Choose one of your favorite movies and find this id of this movie at rottentomatoes.com Write a function getData(movie_id) to scrape reviews, including review date (see (2) in Figure), review description (see (1) in Figure), and score (see (3) in Figure) from the current page.
Input: movie id in rottentomatoes
Output: a list of 20 tuples, i.e. [(“February 19, 2019”, “It’s a typically excellent offering from the…” , “5/5”), …]
Test your function with a few movies to make your function is generic enough
Q2. Plot data
Create a function plot_data which takes the list of tuples from Q1 as an input
converts the ratings to numbers. For example, 3.5/5 is converted to 0.7. For all reviews without a rating or with an alphabetic rating (e.g. A), set its rating to None
Hint: you can use try/except block to handle ratings which cannot be converted floats. See https://stackoverflow.com/questions/379906/how-do-i-parse-a-stringto-a-float-or-int-in-python (https://stackoverflow.com/questions/379906/how-doi-parse-a-string-to-a-float-or-int-in-python) for reference.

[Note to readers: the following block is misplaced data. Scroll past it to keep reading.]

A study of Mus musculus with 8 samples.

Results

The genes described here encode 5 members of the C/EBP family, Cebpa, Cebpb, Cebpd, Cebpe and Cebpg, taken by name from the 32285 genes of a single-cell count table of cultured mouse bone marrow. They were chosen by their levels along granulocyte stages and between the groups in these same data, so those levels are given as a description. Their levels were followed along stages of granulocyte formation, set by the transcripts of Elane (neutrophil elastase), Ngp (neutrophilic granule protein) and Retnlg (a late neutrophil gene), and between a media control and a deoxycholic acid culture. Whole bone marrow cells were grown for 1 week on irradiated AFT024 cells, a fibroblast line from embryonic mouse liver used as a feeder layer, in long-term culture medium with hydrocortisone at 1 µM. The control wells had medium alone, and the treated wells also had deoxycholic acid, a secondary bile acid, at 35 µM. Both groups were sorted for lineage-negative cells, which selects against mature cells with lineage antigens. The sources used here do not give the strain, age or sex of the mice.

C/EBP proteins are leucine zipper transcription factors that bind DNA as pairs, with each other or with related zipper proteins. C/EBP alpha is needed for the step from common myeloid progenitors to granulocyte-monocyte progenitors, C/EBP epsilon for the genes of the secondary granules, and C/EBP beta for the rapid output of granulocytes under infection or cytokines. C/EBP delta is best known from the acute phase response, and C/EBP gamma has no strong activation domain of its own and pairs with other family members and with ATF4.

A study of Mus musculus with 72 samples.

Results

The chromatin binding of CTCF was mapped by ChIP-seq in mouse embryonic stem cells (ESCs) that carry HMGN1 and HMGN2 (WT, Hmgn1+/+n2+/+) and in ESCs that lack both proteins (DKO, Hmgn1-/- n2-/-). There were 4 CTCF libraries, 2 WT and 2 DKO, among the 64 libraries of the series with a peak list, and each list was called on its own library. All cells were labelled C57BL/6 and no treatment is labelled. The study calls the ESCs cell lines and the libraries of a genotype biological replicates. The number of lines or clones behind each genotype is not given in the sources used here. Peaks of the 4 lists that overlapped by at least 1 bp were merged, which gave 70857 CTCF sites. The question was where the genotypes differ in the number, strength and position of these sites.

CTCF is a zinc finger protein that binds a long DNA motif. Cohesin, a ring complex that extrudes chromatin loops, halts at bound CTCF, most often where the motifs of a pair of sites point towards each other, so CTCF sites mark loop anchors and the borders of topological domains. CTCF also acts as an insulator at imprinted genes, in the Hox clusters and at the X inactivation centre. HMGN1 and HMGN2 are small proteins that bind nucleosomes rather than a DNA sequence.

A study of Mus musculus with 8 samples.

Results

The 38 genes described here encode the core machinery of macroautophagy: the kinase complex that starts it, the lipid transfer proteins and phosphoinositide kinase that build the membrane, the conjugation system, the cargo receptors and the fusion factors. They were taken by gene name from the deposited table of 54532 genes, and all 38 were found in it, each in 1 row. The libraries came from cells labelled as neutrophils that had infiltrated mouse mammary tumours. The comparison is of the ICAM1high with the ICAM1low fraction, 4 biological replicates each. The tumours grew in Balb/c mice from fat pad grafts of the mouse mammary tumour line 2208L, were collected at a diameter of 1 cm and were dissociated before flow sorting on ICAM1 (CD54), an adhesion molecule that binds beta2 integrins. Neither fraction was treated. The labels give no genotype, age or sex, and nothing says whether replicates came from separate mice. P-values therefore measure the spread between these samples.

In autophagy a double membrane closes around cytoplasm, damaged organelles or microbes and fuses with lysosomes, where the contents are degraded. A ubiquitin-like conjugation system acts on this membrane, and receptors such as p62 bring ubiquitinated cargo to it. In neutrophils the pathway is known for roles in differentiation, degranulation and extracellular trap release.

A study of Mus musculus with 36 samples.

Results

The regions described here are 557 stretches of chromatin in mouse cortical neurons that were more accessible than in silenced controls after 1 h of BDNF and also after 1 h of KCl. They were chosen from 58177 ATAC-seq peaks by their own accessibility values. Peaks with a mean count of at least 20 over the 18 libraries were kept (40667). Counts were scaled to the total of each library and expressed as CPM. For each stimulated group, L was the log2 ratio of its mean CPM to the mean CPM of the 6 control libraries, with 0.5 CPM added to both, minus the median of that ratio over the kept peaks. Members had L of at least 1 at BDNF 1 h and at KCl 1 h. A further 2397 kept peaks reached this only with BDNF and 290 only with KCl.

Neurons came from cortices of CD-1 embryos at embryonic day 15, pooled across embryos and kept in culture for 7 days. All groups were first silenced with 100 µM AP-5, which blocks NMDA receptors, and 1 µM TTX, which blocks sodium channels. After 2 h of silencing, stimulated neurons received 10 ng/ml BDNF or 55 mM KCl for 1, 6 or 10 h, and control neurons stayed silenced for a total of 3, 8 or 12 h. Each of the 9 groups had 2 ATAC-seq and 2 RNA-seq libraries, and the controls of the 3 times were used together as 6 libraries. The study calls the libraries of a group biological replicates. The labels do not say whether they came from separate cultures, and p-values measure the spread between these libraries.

calculates the average rating by the year of the review date plots a bar chart for the average rating of each year. The plot may look similar to the figure below.
Q3 (Bonus) Expand your solution to Q1 to scrape all the views for a movie.
Write a function getFullData(movie_id) to scrape reviews in all the pages. For the example shown in Figure of Q1, reviews are organized into 16 pages (See (4) of the figure). Scrape reviews from all the 16 pages. Save the result similar to Q1.
Note, you should not hardcode the number of pages, because the number of pages varies by movies. Instead, you should dynamically determine if the next review page exists or not.